When I say there are no gods, I'm not making a religious statement ( god no ). I'm simply borrowing the power of the word, because it accurately reflects how humans often think of their heroes. I find people often don't think highly enough of themselves, because they think too highly of others. This is an understandable, but crucial mistake in realizing your potential.
Putting someone on a pedestal is a disservice to yourself and to the person you're idolizing. You will never match or exceed them, because you always hold them above you. Likewise they will most likely disappoint you because they have to compete with an image you have composed of them in your own head. In the end, this only suffices to further a divide which becomes more difficult to cross. Intimidation will mount and bitterness will grow.
So how does one cross that divide? You have to humanize your "god". You have to tear down those pedestals. You have to realize that you too can become a "god". Maybe you're reading this and you are someone's "deity". Maybe you're struggling with how best to encourage your followers to step up. The key is showing how little a difference there is between you and them, and convincing them that the divide is narrow.
I'll make this more concrete using some of my own experience as a programmer. I'm a senior developer, which by my definition simply means I've seen some sh**, I take less sh**, and I give out a little bit more sh**. I'm an old face at my studio. I've seen a lot of new developers of varying skill and experience join our team. Regardless of experience, there's a hurdle I've helped many overcome, and that's simply to do what they know is right.
You see, working at a renowned studio, with renowned IP, with renowned people is intimidating even for experienced folks. They get a peek behind the curtain and see the flaws, the chaos, the shortcomings. They see where they can help, but they get stuck. Why? Because they don't want to overstep their boundaries. They assume someone with more experience or tenure will bring the hammer of .... something... down on them in vengeful fury if they slip up at all, or venture into an area of the product that doesn't belong to them.
But that hammer will never actually come. The "gods" want peers. They want people that can sharpen them and teach them new things. They want the new hires to step up and take initiative. Course correction is a fact of life, but that shouldn't discourage anyone from doing what they know to be right. If you meet resistance in doing so, it's usually orthogonal to the actual task at hand. ( office politics, discrimination, etc )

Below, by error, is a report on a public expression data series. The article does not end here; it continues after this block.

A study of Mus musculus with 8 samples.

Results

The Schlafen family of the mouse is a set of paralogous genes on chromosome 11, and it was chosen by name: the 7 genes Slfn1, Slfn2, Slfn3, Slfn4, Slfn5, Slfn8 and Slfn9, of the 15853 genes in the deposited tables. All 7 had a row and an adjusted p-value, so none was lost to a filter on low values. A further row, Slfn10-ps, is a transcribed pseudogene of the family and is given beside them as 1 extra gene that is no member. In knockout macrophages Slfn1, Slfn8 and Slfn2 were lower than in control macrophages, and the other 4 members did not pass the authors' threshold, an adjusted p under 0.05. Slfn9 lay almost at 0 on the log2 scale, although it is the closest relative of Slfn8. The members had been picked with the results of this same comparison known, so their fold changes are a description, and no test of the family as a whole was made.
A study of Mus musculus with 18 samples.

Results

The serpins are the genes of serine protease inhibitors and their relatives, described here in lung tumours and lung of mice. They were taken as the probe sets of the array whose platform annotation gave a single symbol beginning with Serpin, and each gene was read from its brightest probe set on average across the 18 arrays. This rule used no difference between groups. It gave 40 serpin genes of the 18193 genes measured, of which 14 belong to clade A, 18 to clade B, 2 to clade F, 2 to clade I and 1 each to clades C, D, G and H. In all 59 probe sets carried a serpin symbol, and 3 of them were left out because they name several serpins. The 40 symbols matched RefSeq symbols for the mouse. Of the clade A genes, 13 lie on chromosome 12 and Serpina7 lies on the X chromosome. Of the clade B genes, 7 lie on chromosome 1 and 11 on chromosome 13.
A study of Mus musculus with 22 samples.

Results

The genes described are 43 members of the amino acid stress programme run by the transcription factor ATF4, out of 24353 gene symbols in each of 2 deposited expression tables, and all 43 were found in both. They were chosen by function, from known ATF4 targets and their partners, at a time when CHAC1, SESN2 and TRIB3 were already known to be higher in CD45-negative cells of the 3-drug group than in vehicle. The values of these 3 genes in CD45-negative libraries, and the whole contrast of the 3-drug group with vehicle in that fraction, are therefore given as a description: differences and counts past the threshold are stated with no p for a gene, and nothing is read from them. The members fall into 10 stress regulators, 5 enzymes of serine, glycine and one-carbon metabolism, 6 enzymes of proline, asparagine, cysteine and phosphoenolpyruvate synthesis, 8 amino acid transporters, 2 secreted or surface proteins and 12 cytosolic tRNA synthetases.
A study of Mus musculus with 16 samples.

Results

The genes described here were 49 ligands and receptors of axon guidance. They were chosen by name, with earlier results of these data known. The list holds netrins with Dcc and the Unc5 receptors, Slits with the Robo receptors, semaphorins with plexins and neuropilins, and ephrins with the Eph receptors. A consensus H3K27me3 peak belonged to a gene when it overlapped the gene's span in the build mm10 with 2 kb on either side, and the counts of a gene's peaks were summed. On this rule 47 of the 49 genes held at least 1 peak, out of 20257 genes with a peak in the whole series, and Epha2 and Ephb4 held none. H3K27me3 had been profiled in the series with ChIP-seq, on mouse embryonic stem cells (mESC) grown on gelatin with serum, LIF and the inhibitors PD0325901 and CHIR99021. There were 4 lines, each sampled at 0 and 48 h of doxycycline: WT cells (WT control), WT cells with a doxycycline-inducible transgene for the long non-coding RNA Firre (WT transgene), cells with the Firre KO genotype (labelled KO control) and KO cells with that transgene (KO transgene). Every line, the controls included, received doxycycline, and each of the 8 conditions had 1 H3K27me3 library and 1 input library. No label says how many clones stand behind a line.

In my conversations with these devs, I usually have one response, "well why don't you?" Why don't you talk to ____? Why don't you run ____ by ____? Why don't you just do _____ ? Why don't you prototype ____ and show it to _____? I pose it as a "duh" moment. But what really happens is, they feel empowered. "Duh" tears down the walls of intimidation. They feel like an equal, like their idea has footing. They get let off the leash; not on external merits or privilege granted to them from on high, but by the sheer value of their own genius and touch of the divine. They didn't need my permission, but someone to point out their own merit.
For some, the hurdle of intimidation is still too high. In those cases it's best to direct someone to talk to the person they're intimidated by directly. But don't send them alone. Go with them, start the conversation. A few minutes of constructive conversation can do wonders for bonding and humanizing both sides. This fosters an overall confidence they can rely on in future instances.
That confidence helps them put themselves on pedestals, so they can stand as equals with those they were intimidated by. It sounds so easy, when initially it can be so scary. That fear centers in the removal of someone else's humanity. If you look up to someone, give them and yourself the benefit of being human. You'll make mistakes, and lord knows they've made plenty. They understand what it's like. They've gone before you.
So if you feel stuck at the precipice of that divide, remember the person on the other side is just as human as you. They've just been at it longer. They've made more mistakes. They've had more triumphs. If they're worth being your hero then they will only seek to expand their field by letting others like yourself in. You have to be willing to treat them as human, and yourself as an equal, capable of making a contribution. Remember, there are no gods.